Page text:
The destruction of Tulsa, Okla.’s “Black Wall Street” district, also known as the “Tulsa Race Riot,” is one of the most explosive racial incidents of the early 20th Century. Angry white rioters destroyed Tulsa’s Greenwood neighborhood, then considered the most affluent all-Black district in the nation.
The riots were sparked by unconfirmed reports of an assault of a White girl by a Black man. Jim Crow was a fact of life in Tulsa. The city passed a 1916 ordinance that forbade Blacks and Whites to live within a block of one another. This led to the self-contained Greenwood area, which blossomed into a prosperous district of Black-owned businesses and homes.
Dick Rowland, a 19-year-old Black shoeshiner, had an encounter on May 30, 1921 inside the Drexel Building elevator with a 17-year-old white operator named Sarah Page as he was headed to a restroom. A clerk in the building heard screams and alerted police, who launched an investigation.
Although Page did not press charges, the next day, a local newspaper accused Rowland of assaulting Page. Rowland was arrested that afternoon. Whites demanded that the sheriff release Rowland so they could lynch him. When Black citizens on Greenwood Avenue heard word of a potential lynching, they took up arms to defend Rowland from the mob. Around 30 men headed to the Tulsa County courthouse but were ordered home by the sheriff and a Black deputy.
Over a thousand white men, angered by the sight of armed Black men, attempted to raid an armory on May 31. By nightfall, around 2,000 people were gathered at the courthouse. Another group of 75 armed Black men returned to the courthouse but were again ordered to leave.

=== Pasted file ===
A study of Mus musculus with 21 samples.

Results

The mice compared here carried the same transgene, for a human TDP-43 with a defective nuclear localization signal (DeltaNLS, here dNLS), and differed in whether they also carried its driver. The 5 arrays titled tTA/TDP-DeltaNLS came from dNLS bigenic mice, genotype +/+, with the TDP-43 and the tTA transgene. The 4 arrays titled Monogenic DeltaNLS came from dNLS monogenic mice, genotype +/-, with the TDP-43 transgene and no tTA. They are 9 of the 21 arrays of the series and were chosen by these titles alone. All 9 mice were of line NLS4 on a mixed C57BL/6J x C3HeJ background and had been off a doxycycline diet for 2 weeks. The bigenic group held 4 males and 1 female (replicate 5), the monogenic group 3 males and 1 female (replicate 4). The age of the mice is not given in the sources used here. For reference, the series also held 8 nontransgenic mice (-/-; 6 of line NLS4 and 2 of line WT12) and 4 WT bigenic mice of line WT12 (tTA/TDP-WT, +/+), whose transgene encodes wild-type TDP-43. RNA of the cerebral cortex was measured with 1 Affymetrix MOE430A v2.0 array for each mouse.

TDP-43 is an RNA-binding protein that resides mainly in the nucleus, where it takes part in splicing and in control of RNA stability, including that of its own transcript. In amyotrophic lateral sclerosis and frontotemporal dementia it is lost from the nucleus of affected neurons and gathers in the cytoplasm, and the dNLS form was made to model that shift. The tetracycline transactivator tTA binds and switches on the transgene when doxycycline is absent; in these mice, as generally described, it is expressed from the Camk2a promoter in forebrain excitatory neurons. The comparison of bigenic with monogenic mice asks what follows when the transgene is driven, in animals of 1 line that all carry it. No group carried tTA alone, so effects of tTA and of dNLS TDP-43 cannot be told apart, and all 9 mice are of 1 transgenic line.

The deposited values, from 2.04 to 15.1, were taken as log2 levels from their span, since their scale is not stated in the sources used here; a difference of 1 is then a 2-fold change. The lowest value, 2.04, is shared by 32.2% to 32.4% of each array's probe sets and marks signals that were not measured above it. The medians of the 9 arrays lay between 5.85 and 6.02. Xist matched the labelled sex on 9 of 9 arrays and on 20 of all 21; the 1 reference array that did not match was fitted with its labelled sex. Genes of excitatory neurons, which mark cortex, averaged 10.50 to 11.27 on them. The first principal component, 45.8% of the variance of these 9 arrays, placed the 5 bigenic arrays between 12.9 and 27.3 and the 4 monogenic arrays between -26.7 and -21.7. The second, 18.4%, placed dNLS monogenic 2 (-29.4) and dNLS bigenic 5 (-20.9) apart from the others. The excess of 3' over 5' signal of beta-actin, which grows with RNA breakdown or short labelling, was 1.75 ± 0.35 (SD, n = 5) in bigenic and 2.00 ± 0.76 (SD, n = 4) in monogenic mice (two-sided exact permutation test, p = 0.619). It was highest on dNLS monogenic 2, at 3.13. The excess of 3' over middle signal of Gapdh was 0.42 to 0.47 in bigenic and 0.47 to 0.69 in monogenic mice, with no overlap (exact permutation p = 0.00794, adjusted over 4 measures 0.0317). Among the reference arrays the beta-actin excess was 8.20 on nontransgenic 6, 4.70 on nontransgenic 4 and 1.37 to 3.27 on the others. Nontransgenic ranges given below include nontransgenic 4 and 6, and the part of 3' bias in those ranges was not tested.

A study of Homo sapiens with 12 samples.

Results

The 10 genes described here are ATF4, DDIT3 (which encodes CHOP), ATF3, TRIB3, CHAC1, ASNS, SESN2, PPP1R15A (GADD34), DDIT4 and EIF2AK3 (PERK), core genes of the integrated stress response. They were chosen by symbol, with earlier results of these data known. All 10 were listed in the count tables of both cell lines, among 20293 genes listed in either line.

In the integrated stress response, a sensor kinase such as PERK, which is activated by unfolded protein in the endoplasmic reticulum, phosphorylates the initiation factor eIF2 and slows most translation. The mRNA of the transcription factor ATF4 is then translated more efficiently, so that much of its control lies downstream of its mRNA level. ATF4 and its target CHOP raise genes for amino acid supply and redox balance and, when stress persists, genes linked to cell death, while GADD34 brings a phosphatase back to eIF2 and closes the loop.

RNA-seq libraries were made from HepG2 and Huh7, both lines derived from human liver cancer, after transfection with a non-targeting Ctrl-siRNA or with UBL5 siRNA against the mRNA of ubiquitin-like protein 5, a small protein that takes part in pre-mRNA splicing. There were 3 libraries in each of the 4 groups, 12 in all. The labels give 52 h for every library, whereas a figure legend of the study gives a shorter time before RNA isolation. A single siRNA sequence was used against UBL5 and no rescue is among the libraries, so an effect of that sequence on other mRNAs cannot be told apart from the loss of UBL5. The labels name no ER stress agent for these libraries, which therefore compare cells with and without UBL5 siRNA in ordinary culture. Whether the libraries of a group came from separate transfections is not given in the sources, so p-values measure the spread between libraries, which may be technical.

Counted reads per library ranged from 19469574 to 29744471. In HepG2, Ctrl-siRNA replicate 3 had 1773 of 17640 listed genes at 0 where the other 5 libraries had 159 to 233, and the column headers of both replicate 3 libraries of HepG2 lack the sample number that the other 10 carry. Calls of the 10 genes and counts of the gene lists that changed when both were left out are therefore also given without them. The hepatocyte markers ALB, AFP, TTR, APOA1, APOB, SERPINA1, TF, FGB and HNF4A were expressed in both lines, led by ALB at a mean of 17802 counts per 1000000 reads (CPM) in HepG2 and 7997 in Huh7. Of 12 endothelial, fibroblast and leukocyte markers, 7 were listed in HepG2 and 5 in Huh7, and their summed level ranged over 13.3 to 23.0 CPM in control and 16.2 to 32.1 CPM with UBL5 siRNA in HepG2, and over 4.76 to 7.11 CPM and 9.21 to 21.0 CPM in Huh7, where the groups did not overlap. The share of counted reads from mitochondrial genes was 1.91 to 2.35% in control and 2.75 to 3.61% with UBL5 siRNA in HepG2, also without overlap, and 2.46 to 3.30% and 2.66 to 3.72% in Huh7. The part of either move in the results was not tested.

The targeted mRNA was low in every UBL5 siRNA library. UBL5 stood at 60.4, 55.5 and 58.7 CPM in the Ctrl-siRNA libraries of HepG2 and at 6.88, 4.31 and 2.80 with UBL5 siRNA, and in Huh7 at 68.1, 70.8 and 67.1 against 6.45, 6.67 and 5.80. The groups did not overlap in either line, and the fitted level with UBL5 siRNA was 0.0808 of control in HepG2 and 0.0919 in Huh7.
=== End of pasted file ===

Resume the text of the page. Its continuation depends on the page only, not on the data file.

Accounts vary as to who fired first, but it was reported that a Black man shot into the air after being told to hand over his pistol. The shot kicked off a gunfight, leaving several dead. The white mob vastly outnumbered the Greenwood militia and they chased them to their neighborhood. The mob shot at any Blacks they saw, looted stores, and began firebombing homes.
The Oklahoma National Guard took to the streets to calm down rioters with little success. Firefights lasted into the morning hours of June 1, and Greenwood residents were forced to flee after their neighborhood was essentially burned to the ground. Because historical accounts of the incident have been lost, destroyed or altered, it is difficult to confirm one aspect.
Reports say that six World War I biplanes bombed the Greenwood homes with several families still trapped inside. By the afternoon of June 1, martial law was declared and thousands of Black citizens fled the city or were detained by armed forces.
Historical accounts vary about how many people were actually killed but The Tulsa Race Riot Commission estimated in recent findings that nearly 300 people died.